Folie à Deux


Folie à Deux is the mental phenomenon of shared psychosis. It involves an individual who is in a close relationship with someone who already has psychosis, and begins to develop the same symptoms.

But before I go into shared psychosis in detail, I’ll first explain the ins and outs of psychosis. Psychosis is a mental health illness which forces the individual to to perceive things around them differently from others. This can include hallucinations and delusions. However it should not be confused with schizophrenia. Schizophrenia is a mental illness where a symptom can be psychosis, however psychosis or psychotic episodes can occur without a diagnosis of schizophrenia.

As previously mentioned, the two main symptoms of psychosis are hallucinations and delusions. 

Hallucinations affect an individuals senses. Someone experiencing hallucinations can see, hear, smell, taste and even feel things that others cannot, and are essentially not embedded in reality.

Hearing voices is one of the most common hallucinations, as are seeing things. People having hallucinations can hear voices of people from their past, but also voices that they cannot identify. Very rarely are the voices positive ones; they can be demanding, instructive and dangerous – especially if they create suicidal and/or homicidal intentions and thoughts. (Despite this, psychotic individuals are no more dangerous to the public than those without psychosis). Individuals with psychosis have a higher rate of self harm and suicide than those without psychosis, and this may be due to the voices instructing them to harm themselves, or used a coping strategy.

This is also the same of people seeing things – they can see people, machines, perceive objects to be moving when they are not, and even see people who are alive but the individual may believe them to be dead.

Delusions are where an individual has strong beliefs that are not shared by others. For example, an individual may believe that someone is out to hurt them, or they may believe that the FBI are spying on them.

There is no single cause of psychosis. It can be caused by psychotic mental illnesses – as a symptom of schizophrenia, bipolar or severe depression. Other causes of psychosis can be trauma, stress, drug and/or alcohol misuse, or physical conditions such as a brain tumours or high fevers.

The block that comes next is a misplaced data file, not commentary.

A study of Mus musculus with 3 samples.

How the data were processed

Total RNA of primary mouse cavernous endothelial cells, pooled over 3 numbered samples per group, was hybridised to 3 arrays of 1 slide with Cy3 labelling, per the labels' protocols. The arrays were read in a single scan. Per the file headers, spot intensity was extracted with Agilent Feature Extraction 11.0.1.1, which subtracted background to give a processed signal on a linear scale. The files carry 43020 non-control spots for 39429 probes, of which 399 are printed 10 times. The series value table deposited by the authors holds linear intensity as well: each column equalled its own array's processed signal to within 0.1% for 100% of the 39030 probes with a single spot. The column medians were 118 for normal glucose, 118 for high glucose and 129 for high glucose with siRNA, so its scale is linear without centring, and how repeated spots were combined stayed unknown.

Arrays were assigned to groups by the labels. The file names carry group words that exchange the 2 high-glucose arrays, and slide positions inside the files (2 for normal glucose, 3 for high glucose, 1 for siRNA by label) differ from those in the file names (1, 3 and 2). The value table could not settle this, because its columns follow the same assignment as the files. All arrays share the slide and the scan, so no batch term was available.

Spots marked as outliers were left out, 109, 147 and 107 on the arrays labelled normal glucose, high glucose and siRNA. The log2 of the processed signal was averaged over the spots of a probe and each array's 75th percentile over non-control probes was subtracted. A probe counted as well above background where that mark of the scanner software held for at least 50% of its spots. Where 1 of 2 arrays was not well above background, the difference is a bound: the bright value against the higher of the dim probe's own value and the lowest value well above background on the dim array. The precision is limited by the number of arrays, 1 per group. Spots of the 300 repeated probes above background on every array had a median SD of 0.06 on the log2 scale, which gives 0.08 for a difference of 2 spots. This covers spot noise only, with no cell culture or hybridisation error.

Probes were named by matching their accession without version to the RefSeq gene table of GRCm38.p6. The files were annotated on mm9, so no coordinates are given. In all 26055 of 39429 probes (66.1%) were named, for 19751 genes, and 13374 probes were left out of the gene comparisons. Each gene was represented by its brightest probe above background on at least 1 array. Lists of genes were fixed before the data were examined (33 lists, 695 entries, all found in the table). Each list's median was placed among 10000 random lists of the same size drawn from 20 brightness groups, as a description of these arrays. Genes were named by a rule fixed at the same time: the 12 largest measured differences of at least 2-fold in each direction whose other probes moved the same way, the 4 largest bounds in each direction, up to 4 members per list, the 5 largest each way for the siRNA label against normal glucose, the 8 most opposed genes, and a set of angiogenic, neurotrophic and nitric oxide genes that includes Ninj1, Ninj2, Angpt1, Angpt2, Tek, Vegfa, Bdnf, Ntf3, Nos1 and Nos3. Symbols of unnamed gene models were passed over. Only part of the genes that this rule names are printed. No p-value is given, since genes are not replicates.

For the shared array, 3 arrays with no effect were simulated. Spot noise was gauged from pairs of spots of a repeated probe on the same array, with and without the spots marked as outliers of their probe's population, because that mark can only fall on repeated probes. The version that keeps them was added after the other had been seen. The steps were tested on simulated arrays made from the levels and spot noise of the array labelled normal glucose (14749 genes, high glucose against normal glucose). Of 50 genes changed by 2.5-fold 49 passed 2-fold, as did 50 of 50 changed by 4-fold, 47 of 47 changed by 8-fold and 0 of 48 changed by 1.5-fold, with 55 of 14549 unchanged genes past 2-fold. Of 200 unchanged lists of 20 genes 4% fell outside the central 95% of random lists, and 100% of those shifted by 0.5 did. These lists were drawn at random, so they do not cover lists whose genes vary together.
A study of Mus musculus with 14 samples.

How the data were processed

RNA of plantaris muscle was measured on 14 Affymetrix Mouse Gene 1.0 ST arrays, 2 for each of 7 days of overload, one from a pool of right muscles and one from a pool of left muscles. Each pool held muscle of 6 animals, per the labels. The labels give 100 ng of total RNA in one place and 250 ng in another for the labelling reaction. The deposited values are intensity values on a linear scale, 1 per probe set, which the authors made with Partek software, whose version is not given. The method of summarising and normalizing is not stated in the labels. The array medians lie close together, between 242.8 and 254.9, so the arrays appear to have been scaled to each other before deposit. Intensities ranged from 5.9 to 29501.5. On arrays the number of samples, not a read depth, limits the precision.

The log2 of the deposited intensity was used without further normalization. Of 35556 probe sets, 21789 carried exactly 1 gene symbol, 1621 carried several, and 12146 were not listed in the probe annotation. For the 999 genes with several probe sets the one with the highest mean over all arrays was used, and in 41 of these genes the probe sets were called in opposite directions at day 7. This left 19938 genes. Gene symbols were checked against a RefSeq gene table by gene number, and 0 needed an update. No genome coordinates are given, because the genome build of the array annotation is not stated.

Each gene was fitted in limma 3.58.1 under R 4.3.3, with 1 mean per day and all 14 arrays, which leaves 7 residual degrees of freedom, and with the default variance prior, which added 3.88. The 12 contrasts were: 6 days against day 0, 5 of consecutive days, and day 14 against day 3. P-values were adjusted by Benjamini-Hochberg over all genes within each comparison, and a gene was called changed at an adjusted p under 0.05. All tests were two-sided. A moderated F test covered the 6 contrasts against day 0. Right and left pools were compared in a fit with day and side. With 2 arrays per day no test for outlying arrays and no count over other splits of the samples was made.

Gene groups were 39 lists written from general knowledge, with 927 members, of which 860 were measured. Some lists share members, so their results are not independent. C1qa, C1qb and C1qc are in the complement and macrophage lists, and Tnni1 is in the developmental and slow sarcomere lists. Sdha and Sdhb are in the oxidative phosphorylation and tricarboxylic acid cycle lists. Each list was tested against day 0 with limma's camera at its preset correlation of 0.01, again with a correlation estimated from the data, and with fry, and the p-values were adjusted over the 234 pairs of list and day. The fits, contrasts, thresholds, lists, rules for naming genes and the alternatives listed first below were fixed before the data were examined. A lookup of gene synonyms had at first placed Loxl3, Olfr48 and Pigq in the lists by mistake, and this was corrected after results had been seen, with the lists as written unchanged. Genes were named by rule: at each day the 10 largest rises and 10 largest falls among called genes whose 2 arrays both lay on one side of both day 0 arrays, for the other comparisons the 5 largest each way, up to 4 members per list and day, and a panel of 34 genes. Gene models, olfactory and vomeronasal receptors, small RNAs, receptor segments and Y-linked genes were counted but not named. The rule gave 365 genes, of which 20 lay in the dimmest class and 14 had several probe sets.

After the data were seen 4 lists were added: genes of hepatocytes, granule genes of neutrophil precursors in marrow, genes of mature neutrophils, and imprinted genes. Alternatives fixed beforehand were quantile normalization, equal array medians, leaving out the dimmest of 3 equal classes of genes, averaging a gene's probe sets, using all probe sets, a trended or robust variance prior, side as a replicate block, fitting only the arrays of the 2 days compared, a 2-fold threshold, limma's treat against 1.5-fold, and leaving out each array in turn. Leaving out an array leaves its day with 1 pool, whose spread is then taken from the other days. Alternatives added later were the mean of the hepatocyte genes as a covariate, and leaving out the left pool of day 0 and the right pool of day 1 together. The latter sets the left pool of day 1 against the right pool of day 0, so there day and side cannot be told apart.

Now we have a brief understanding of psychosis, how does psychosis become Foli

Folie à Deux?

It starts with an individual who has an already-established delusion. For example; a young man has psychosis and has delusions that the neighbours are working for the FBI and are spying on him. This young man is what’s called the primary case, or primary partner. His girlfriend may then begin to have the same hallucinations, despite originally being healthy. She will be what’s called the secondary case.

Shared psychosis usually occurs in relationships that are long-term. They can be romantic relationships, or parent/sibling. They usually live together, or are in relative social isolation, and usually the primary case is the more dominant individual of the relationship and the second individual tends to have the more submissive personality. It can also occur within groups; such as a parent having delusions and then these delusions being shared with their partner and their children.

But what are the causes?

As it is with psychosis, there is no single known cause of shared psychosis. However, there are similarities between cases.

  • There are several variables that can affect the influence of the creation of a shared psychosis ; isolation of the people in the relationship, closeness, length of relationship and if a submissive/dominant factor exists in the relationship and the strength of this.
  • Roughly 55% of secondary cases have a relation who also has psychosis or a psychotic disorder, not including the primary case. The secondary case also often meets the criteria for dependent personality disorder – this may explain their submissive personality as they rely on others more than the average person.
  • Generally, if separated from the primary case for a significant amount of time (e.g. 2 weeks), the secondary case usually drops their delusions.
  • In the case of close siblings with shared psychosis, Soriano et al (2009) concluded that shared psychosis can partly be explained by the siblings having a ‘shared past experience and expectations.’

 

Usual the delusions shared between the two individuals are believable, far less bizarre than those found in schizophrenia. Examples include a mother and daughter believing that the husband/father was poisoning them, a family believing their neighbours are going to come after them and kill them, or a couple believing that they were being harassed by the IRA. However the principle feature is the unwavering, concrete belief the secondary case has in the primary case’s beliefs.

But how is it treated?

Usually the individuals have to be separated for treatment. However, this alone is not enough as when reunited they may relapse. Both the primary and secondary case may have to be treated with antipsychotics to avoid this. Family therapy is also offered to in order to get to the root of the problem, and to identify any submissive/dominant relationships which may be unhealthy.

Little more is known about the phenomenon of shared psychosis. Not enough is known about psychosis when it affects a single individual, let alone when it becomes a social group illness. However it is an interesting concept, and raises the question as to whether other mental illness can affect groups with the same contagious effect?